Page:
The number of vegetarians in this country seems to be growing by leaps and bounds. The recent focus on healthy diets, combined with more Hollywood types going meatless and trendy veggie restaurants sprinkling New York City and beyond, make vegetarianism seem as ubiquitous as the traditional steak house.
A 2005 poll by an independent market research firm showed that 3 percent of Americans ages eight to 18 are vegetarians, up 1 percent from a previous survey, according to USA Today. But nowadays babies are going vegetarian, too. Before your baby goes meatless, consider the following tips to ensure your budding veggie has the proper nutrients.
Babies begin losing their iron reserves around six months of age, and most pediatricians will recommend that is when a meat portion or cereal be introduced into their diets. Iron is an important dietary mineral that is required for various bodily functions, including the transport of oxygen in the blood, daily energy and brain development.
Toddlers and young children are at a heightened risk for iron-deficient anemia if they aren't receiving a balanced diet. A host of meatless foods are great for baby's iron levels. Some include iron-fortified cereals, broccoli, peas, apricots, pears and spinach. Talk to your pediatrician about the levels your baby might need if he or she isn't eating meat.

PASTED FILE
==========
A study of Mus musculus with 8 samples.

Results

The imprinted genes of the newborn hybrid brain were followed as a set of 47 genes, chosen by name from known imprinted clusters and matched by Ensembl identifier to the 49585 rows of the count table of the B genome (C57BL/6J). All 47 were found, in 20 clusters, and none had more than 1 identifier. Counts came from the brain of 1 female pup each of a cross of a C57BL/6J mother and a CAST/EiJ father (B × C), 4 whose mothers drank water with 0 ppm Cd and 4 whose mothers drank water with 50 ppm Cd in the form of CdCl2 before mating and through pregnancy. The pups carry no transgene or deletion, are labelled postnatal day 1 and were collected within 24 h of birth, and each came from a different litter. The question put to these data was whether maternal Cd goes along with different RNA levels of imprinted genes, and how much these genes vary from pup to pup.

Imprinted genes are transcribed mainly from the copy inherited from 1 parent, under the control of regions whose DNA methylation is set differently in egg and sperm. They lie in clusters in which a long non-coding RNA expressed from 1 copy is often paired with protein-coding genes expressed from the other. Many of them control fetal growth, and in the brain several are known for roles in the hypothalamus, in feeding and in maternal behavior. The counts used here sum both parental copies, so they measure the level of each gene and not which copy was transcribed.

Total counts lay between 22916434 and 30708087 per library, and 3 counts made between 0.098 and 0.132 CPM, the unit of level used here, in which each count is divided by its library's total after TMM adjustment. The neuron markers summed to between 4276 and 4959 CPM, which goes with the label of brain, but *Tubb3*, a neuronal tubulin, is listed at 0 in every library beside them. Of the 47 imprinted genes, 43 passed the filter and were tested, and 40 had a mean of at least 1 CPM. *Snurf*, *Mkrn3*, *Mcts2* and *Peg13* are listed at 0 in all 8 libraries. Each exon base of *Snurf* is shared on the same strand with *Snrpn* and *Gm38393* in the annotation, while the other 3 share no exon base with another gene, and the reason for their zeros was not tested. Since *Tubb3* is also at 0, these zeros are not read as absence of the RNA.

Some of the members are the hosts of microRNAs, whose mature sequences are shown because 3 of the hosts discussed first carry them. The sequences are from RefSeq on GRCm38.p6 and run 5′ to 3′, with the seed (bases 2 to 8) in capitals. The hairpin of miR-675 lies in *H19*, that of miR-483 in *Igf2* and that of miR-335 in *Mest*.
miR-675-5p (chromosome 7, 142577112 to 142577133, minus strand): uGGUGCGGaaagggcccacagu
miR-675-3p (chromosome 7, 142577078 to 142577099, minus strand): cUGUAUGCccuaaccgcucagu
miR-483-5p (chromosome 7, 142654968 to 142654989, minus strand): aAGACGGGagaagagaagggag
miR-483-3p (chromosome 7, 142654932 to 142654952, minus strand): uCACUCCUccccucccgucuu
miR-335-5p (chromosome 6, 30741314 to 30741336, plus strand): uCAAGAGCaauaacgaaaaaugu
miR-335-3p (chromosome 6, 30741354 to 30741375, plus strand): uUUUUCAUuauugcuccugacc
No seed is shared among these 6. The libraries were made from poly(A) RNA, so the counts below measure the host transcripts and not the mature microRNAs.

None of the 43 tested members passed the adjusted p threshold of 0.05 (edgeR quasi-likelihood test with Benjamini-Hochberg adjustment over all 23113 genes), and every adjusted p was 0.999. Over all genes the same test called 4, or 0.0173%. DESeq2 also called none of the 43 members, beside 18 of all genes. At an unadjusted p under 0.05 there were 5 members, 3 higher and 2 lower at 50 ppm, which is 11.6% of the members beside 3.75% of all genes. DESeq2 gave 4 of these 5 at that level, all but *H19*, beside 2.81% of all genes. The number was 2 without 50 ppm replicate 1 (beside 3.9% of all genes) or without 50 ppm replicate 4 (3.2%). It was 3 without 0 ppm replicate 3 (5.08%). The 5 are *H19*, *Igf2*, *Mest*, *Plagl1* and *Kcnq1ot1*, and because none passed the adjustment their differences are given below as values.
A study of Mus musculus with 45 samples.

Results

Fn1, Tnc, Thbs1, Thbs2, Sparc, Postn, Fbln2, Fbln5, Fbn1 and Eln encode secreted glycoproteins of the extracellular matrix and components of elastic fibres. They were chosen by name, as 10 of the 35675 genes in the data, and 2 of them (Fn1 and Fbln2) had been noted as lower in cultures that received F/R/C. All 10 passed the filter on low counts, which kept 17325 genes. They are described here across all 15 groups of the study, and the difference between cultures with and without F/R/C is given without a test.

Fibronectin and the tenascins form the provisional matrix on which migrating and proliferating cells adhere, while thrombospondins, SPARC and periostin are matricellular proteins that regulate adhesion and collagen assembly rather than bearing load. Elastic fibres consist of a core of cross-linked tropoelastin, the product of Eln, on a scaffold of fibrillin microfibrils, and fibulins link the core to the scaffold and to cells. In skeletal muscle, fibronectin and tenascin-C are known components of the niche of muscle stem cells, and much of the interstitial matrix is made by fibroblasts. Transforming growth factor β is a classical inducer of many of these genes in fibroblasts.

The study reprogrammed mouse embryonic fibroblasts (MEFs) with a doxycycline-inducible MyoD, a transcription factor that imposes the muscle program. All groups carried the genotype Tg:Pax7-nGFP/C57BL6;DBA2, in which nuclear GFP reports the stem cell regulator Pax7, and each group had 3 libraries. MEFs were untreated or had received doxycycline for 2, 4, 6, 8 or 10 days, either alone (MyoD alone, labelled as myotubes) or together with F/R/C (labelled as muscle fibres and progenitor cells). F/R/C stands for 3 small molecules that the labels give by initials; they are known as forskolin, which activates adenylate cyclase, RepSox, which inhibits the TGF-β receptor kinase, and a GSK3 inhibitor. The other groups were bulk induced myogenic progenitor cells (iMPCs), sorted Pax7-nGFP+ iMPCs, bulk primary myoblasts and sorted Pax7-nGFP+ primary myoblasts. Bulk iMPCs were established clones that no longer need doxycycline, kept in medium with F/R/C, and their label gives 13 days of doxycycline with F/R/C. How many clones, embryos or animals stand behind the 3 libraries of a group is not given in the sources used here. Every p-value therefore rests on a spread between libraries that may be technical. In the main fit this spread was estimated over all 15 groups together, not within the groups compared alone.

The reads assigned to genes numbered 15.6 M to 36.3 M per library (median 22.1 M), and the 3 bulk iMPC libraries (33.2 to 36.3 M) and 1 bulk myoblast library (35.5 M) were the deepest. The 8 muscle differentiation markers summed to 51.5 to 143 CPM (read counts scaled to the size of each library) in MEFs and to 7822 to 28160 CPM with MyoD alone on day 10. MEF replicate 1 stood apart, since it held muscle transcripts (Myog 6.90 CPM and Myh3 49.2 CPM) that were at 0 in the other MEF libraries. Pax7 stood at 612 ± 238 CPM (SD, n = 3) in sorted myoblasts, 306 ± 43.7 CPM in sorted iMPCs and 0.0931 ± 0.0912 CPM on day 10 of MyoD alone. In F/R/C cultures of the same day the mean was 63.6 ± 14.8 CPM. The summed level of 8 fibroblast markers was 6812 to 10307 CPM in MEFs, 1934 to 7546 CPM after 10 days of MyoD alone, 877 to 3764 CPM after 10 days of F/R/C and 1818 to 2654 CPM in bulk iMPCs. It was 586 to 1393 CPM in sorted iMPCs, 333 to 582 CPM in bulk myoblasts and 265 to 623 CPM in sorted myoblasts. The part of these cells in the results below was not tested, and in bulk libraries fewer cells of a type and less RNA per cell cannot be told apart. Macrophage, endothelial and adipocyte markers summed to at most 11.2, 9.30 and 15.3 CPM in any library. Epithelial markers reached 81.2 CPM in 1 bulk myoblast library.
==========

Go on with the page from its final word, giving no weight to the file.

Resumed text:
There is some evidence that children with meatless diets have lower risk of disease, diabetes, excessive weight gain and cancer later in life. But vegetarians have to be more stringent about getting their required nutrients and proteins from plants.
"Vegetarian diet is excellent for good health when you follow the general rules of a nutritionally-balanced diet and be sure you get the nutrients from vegetables that you miss by giving up animal foods," according to the website Ask Dr. Sears.
Young children need fats to develop myelination of the nerve cell axons, the long, waxy wires that connect neurons in the brain. Many doctors will recommend babies, when they reach 12 months, have whole cows' milk or whole yogurts, to aid in this development. There is some concern that vegetarian children might not get enough fat in their diets as those who eat meats. But as with all nutritional concerns regarding vegetarian children, as long as parents monitor these factors, a meatless diet can be just as healthy, if not more so.